Thursday, December 22, 2011

IT'S A WONDERFUL LIFE (1946)

On the twenty-eighth Lynchian day of Christmas, we present Frank Capra's classic Christmas drama It's a Wonderful Life (1946). One of the most watched and beloved movies of all time, It's a Wonderful Life presents an angel's eye view of the life of George Bailey (Jimmy Stewart) who considers suicide after a particularly bad Christmas Eve brings him to the point of inevitable arrest and ruin. The film takes a powerful Lynchian turn into the bizarre when Angel 2nd Class Clarence (Henry Travers) attempts to help George regain the will to live. Clarence gives George a glimpse of what life would be like for his friends, family, and community had George never been born.
Mary (Donna Reed) Falls in Love with George as Children and
Waits Many Years for Him to Reciprocate Her Feelings
The film begins with George Bailey's friends and family praying on his behalf Christmas Eve. Their prayers are heard and answered and the angels hold a council and assign the simple-minded but pure Clarence the task of helping George choose life over death. We join Clarence as he becomes acquainted with the life of George Bailey from childhood to the pivotal and devastating Christmas Eve in question.
George's instinctual heroics save the day on many occasions, but severely limit his options later in life. George feels his goals and aims are thwarted at every turn, and the life of adventure and excitement he had planned for from youth would never come to pass. At each important crossroad in George's life, he chose to help those who stood in greatest need rather than abandon them to pursue a more selfish path. And in spite of an outward resentment he occasionally feels, George will not let others suffer horribly if he can prevent it.
We discussed yesterday a very similar movie called The Family Man (2000), which clearly pays homage to It's a Wonderful Life (1946). In yesterday's article we showed similarities in plot and theme between The Family Man and David Lynch's films Eraserhead (1977) and Wild at Heart (1990). Of particular interest is the fear young men encounter when leaving behind youthful freedom by transitioning into the more mature responsibilities of marriage and parenthood. It's a Wonderful Life is one of the best films to explore this theme, making us feel the pathos George feels as his options slowly evaporate and his youthful aspirations drift further away from him each day.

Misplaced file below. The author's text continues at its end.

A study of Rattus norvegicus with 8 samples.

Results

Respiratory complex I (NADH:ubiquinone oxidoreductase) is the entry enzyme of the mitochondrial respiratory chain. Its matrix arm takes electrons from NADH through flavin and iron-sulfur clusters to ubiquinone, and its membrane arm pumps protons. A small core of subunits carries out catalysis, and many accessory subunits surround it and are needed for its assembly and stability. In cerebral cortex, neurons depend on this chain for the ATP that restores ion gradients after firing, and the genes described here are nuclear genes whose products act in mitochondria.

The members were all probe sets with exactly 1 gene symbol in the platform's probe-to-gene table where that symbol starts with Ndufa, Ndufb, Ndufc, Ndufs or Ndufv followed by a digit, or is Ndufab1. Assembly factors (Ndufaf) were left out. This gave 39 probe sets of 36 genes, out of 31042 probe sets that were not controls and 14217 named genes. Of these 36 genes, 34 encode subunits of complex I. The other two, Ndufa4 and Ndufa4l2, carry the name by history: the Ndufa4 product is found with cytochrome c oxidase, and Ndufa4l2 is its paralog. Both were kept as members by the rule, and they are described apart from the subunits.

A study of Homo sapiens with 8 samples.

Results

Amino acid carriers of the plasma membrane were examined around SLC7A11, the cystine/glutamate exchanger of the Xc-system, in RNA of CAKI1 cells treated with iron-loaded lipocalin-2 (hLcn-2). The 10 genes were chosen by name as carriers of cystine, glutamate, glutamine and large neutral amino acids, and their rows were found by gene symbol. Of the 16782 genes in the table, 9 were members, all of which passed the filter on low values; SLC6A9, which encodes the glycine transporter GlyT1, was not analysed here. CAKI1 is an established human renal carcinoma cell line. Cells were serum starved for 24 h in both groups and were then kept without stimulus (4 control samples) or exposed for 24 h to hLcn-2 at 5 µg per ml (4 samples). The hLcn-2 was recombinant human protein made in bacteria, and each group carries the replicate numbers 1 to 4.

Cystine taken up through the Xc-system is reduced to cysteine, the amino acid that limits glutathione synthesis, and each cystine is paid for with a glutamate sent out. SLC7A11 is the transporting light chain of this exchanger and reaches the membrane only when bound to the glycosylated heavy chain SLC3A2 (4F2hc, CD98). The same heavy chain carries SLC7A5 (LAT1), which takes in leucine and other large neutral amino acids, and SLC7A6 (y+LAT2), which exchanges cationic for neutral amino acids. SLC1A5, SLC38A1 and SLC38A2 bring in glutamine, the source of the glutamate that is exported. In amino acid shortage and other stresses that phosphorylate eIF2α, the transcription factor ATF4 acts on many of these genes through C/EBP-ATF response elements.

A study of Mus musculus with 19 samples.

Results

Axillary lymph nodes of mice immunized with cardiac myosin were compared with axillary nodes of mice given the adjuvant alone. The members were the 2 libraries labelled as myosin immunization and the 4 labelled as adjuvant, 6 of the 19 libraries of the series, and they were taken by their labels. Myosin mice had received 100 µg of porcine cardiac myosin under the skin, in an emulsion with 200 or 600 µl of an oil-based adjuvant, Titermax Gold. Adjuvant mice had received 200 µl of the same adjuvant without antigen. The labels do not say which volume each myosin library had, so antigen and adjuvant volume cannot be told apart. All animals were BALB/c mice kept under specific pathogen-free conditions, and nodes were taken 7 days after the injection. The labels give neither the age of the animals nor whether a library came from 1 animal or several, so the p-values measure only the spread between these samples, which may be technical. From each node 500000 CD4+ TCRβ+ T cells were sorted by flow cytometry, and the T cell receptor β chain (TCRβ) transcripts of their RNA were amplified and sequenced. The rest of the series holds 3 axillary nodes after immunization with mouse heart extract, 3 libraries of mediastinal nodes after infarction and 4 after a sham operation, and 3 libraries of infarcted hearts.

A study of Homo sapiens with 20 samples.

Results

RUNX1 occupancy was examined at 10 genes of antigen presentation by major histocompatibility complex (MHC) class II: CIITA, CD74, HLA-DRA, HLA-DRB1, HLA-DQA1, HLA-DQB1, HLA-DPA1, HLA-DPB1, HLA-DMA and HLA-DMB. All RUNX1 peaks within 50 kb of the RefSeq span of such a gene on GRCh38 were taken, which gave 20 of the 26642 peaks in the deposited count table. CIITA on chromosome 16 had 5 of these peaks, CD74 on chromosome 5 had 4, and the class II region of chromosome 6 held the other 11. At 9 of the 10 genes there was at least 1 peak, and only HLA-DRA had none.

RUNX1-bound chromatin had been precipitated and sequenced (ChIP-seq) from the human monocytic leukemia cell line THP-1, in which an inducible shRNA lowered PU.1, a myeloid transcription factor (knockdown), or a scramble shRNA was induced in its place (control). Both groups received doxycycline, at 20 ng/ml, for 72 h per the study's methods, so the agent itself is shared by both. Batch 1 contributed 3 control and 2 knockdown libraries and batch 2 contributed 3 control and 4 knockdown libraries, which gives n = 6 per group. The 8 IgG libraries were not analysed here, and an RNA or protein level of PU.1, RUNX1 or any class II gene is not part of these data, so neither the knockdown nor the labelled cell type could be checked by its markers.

George's archnemesis, Mr. Potter (Lionel Barrymore), is a wealthy smalltown tyrant who has sought to monopolize all the lending institutions under his direct control. When George courageously stands by the Bailey Building and Loan after his father passes away, Mr. Potter practically stops at nothing to defeat George and drive him into submission. George is the only man in town who will not capitulate to Potter, making him the bane of Potter's existence. The two men reach an uneasy d├ętente, but George's Uncle Billy (Thomas Mitchell) makes a careless but simple mistake at the bank and gives Potter an opportunity to press this advantage to the fullest and shatter George's last vestigial reason to live.
After George erupts at his friends and family and slowly becomes resigned to suicide, Clarence arrives on the scene to help George reevaluate the value of his life. Clarence is not successful at first, but an offhanded remark by George that the world would have been better off had he never been born triggers a clever idea. With the permission of his superiors, Clarence temporarily changes the world to exclude George Bailey's birth. George is then permitted to experience the horrors of his loved ones' existence on this surprisingly bleak Christmas Eve. 
After George prays in tears for the opportunity to live again, he awakes back in reality among his loved ones. Even though he is still on the brink of personal disaster, George finally comes to grips with the beauty of his life and he chooses to welcome his destiny, whatever it might be. In the words of Mahatma Gandhi: "Whatever you do will be insignificant, but it is very important that you do it."